In the radio world, it often pays to take risks. If you want your station’s marketing strategies to pay off, you must be bold. Risk-taking is a way for your station to stand out and define itself; becoming more visible to listeners. Furthermore, making a bold move will stop you relying on the same old marketing strategies. Although these strategies may be safe and give you a good return on investment, they will not allow your station to reach it’s full potential.
Birmingham’s heritage commercial radio brand, Free Radio Birmingham (formerly BRMB)’s, competition managed to perfectly rock the boat, causing just enough outrage to get their station talked about. The station’s 1999 ‘Two Strangers and a Wedding‘ competition was one of the most outrageous publicity stunt in UK commercial radio history. The competition involved getting two contestants, who have not met or made contact with each other, to get married in order to win prizes.
The competition caused moral outrage among those that believed marriage vows are sacred. Churches and MPs heavily criticised the competition. Three joint presidents of Birmingham Churches the Bishop of Birmingham, the city’s Catholic archbishop and Free Churches representative wrote a public letter of protest to Free Radio Birmingham, urging the station to reconsider its decision to back the wedding. The letter stated that “Both marriage and the human beings involved are too important to be manipulated in this way.” Free Radio Birmingham spokesman Mr Owen defended the wedding by saying it was “more scientific than most arranged marriages”.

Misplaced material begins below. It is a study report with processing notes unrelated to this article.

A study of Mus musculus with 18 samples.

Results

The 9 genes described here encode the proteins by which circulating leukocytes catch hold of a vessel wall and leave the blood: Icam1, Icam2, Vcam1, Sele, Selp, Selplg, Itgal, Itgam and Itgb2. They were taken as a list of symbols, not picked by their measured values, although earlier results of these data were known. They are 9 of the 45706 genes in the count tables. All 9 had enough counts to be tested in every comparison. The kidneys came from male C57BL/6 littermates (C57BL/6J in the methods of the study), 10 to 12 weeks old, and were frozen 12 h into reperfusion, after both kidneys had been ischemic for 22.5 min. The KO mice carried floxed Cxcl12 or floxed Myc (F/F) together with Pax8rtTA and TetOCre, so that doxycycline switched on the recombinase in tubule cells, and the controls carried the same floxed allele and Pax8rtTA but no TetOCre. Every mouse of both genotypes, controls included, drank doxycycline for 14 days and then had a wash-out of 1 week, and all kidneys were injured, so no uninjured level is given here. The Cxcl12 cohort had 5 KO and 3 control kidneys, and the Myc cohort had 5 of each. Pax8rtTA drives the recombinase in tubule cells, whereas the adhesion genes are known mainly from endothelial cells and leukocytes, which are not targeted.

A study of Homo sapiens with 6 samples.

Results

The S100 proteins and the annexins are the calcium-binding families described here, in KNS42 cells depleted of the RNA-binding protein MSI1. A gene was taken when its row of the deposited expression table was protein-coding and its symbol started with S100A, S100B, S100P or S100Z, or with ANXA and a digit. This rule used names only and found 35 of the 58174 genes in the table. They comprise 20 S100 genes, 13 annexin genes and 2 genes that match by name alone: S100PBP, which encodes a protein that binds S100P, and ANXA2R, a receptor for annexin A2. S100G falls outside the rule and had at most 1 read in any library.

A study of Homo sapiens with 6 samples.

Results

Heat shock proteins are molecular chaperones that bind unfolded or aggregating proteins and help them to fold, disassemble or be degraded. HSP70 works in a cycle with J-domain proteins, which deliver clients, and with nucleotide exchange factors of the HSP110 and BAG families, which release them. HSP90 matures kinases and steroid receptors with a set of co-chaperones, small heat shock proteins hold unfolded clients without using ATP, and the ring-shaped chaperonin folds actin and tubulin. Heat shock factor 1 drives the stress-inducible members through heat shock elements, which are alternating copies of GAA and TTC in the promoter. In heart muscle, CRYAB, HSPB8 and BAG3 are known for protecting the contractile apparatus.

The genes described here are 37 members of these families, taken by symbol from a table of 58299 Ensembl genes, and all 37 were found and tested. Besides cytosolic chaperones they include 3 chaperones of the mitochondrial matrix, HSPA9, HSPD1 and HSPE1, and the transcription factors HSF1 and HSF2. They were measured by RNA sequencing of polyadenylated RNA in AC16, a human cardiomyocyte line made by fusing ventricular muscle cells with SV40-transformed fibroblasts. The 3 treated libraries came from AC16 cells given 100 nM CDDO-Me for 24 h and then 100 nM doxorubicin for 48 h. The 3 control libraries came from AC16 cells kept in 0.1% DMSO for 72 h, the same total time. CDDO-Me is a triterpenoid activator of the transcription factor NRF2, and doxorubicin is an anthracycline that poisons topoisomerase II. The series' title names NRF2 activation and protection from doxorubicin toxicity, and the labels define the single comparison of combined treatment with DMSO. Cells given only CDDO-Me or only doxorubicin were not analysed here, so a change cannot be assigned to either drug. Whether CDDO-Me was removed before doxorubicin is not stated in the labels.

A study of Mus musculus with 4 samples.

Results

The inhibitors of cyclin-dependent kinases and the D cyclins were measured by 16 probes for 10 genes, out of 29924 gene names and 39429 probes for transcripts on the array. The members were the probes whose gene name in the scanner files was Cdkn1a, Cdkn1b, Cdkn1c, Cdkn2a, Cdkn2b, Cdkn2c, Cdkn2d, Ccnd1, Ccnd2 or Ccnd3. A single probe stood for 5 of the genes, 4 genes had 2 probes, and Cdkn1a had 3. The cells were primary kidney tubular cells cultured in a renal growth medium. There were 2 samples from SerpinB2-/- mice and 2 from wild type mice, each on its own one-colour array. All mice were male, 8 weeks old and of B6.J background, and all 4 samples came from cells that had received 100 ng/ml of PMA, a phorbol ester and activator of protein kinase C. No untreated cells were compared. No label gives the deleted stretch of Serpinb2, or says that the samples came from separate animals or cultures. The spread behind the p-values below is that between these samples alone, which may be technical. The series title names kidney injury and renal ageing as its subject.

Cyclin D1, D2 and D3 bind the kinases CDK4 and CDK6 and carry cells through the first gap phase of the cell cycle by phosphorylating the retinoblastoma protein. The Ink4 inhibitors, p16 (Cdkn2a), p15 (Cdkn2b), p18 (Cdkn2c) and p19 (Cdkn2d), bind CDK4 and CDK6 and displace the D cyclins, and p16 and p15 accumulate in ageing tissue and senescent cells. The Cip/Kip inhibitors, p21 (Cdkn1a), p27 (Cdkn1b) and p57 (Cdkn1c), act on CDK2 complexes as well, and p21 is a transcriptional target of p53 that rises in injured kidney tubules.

The two winners, who were matched by a group of relationship counsellors and astrologers, Carla Germaine and Greg Cordell, did not meet until the ceremony. They had to sign a prenuptial agreement preventing them from making any claims on the other’s property if the marriage were to fail. Their prizes included a free honeymoon in the Bahamas, the free use for a year of a Ford Puma sports car as well as a two bedroom apartment in Birmingham exclusive symphony court development.
Five years later, PR expert Mark Borkowski described the promotion as one of the best ever radio publicity stunts “it was something that everybody was talking about. It was a precursor to Big Brother and other reality shows”. He said that the promotion involved a lot of risk, “But they increased their audience reach from 27 percent to 40 percent. It had humour, risk and a bit of rock ‘n’ roll.”
There are too many radio stations who are tiptoeing through life, hoping their marketing strategy will keep their station safe until the end. Sticking to your station’s set marketing strategies might not let you down, but they also won’t let you up. Your radio station would certainly benefit from a bit more risk-taking and attitude. I encourage you to follow in the footstep of Free Radio Birmingham by being more imaginative, creative and bold.
Here’s a food for thought; your audience consists of mostly internet and mobile users; they carry their phone with them wherever they go and use the internet to find out everything they want to know. Are you embracing this change in trend and going where your audience is? Or, are you sticking to your more traditional outreach of events and outdoor activities in an attempt to reach new audiences?
Challenge yourself to achieve higher and the results may surprise you.